As someone raised within a few goalkicks’ range of Villa Park, the FA Cup has always been extra special to Ben Davies.
Not just for the Brummie, but his family too. Although it did not feel like that in January when Sheffield United’s shock win at Aston Villa provided one of the stories of third-round weekend.
Anyone uttering the well-worn phrase ‘the magic of the cup’ within earshot of Davies’s Villa-supporting relatives, including his brother and father, would probably have been afforded a dark glance that first Saturday of the New Year.
But after having cause to curse the Blades that cold winter’s day, the Davies family have been quickly converted.
The Cup fantasies which Davies and his sibling enacted in their back garden in Aston as children and those viewed first-hand at nearby Villa Park in Cup semi-finals – the famous old ground has staged more last-four matches (55) than any other venue in England – now have a new accompaniment thanks to the Blades.
Davies, who only joined United last month on loan from Derby County and is already eyeing involvement in one of the biggest matches of his career, said: “It is a brilliant competition.
“As a kid growing up and being involved in it, from an English point of view, it’s the best cup competition you can play in.
“I used to play with my brother and we’d do the Cup draw and then go out and try and replicate it in the back garden. I was always the underdog.
“When I was growing up, the semis were always at different grounds like Villa Park and I went to a couple there as well, while you also look forward to the FA Cup final as a family. You have your dinner and then watch it together.”
When the story is penned of the 2013-14 FA Cup, a chapter is likely to be devoted to the Blades.
Its ending remains to be seen with Charlton Athletic standing in the way of what the South Yorkshire club hope will be an appearance in the Cup semi-finals in April, which is potentially just 90 minutes away.
That would represent new territory for Davies and his Blades’ team-mates and while the midfielder is not looking too far ahead, he is unequivocal that no one could begrudge them that reward if it arrives.
A thrilling run has seen Clough’s troops dispose of top-flight sides Villa and Fulham on their own turf, and also Nottingham Forest, and you sense many neutrals will be rooting for them on Sunday as they aim to become the first third-tier side since Wycombe Wanderers in 2000-01 to reach the semi-finals.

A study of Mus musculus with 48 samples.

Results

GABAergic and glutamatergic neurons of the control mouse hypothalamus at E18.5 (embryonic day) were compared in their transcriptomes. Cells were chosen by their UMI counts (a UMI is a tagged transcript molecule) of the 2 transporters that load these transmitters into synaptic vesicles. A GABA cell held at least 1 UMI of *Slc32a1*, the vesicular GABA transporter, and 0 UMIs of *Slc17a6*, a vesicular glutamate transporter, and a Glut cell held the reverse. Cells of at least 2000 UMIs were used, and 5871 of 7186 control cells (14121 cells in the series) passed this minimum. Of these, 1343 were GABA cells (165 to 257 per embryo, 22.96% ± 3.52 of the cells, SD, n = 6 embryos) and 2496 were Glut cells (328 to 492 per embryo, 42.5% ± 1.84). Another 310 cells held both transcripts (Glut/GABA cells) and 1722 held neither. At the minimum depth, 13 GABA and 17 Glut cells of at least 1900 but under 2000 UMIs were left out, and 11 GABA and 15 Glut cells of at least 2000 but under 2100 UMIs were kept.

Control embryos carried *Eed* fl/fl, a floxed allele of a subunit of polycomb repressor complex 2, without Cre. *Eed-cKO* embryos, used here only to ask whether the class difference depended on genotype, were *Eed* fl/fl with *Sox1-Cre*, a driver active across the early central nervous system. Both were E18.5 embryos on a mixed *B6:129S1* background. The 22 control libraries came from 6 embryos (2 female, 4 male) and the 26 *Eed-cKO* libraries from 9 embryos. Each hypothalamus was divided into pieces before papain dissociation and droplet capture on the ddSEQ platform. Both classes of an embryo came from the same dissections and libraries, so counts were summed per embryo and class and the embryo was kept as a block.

Davies said: “It’s a magical Cup and gives League One and Championship players the chance to be involved in massive games.
“The lads have played Villa, Fulham and Forest, who were unbeaten in 16.
“Everyone has sat up and taken notice and we fully deserve to be in the quarter-finals.
“I know the Cup has had a bit of stick over the years, but once you get past the first two or three rounds, it really starts to hot up.
“Once you get to this stage, they are some of the biggest games you will play in.
“Getting this far is brilliant. If you asked every single one in the squad, I don’t think one of them would have been to a quarter-final. The fifth round is the furthest we have all been and it’s new to us all and a massive occasion. As a player, these are the things you work for day-in, day-out. You do all the hard work and the game is the enjoyable part and takes care of itself.”
With Wembley so close that Unitedites can almost smell the burger vans down Wembley Way, it is easy to lose focus, and Davies isat pains to point out the perils of doing just that.
Not that an appearance at the home of football in the twilight of his career at 32 would not represent a huge moment and an opportunity to end his own Wembley story on a high note.
He said: “The Cup semi-finals are some of the biggest games in British football and at the best stadium in the world; you can’t want more than that.
“But we have got a big hurdle in front of us first.
“It would be lovely to be involved in a game like that and they don’t come around in your career more than once or twice.
“But we’ve got to concentrate on Charlton. It will be a tough game from a side in the league above.
“However, with the way we are playing, we can’t go into it in better form.
“It’s a big game, but you have to put that to one side as you then start worrying about the next step and, more often than not, you get beat.
“But winning eight games in a row should give us a lot of confidence.
“It was a bit of a distraction as the league form had been a bit poor, but now the league form has picked up and we are flying; we’ll take on whoever comes really.”
On his own Wembley history, he added: “I have been there a couple of times and got beaten twice in the play-offs (with Shrewsbury) and hopefully it will be a case of third-time lucky.
“I played in one final (2006-07) but I snapped my Achilles in the semi-final just before the other one (2007-08). We lost that one to Bristol Rovers and in the second we got beaten by Gillingham with the last kick of the game after beating them 7-0 in the league.
“We had a good squad with the likes of Grant Holt and thought we were going to win, but it was one of the worst days in my career. I’d love to get back there again.”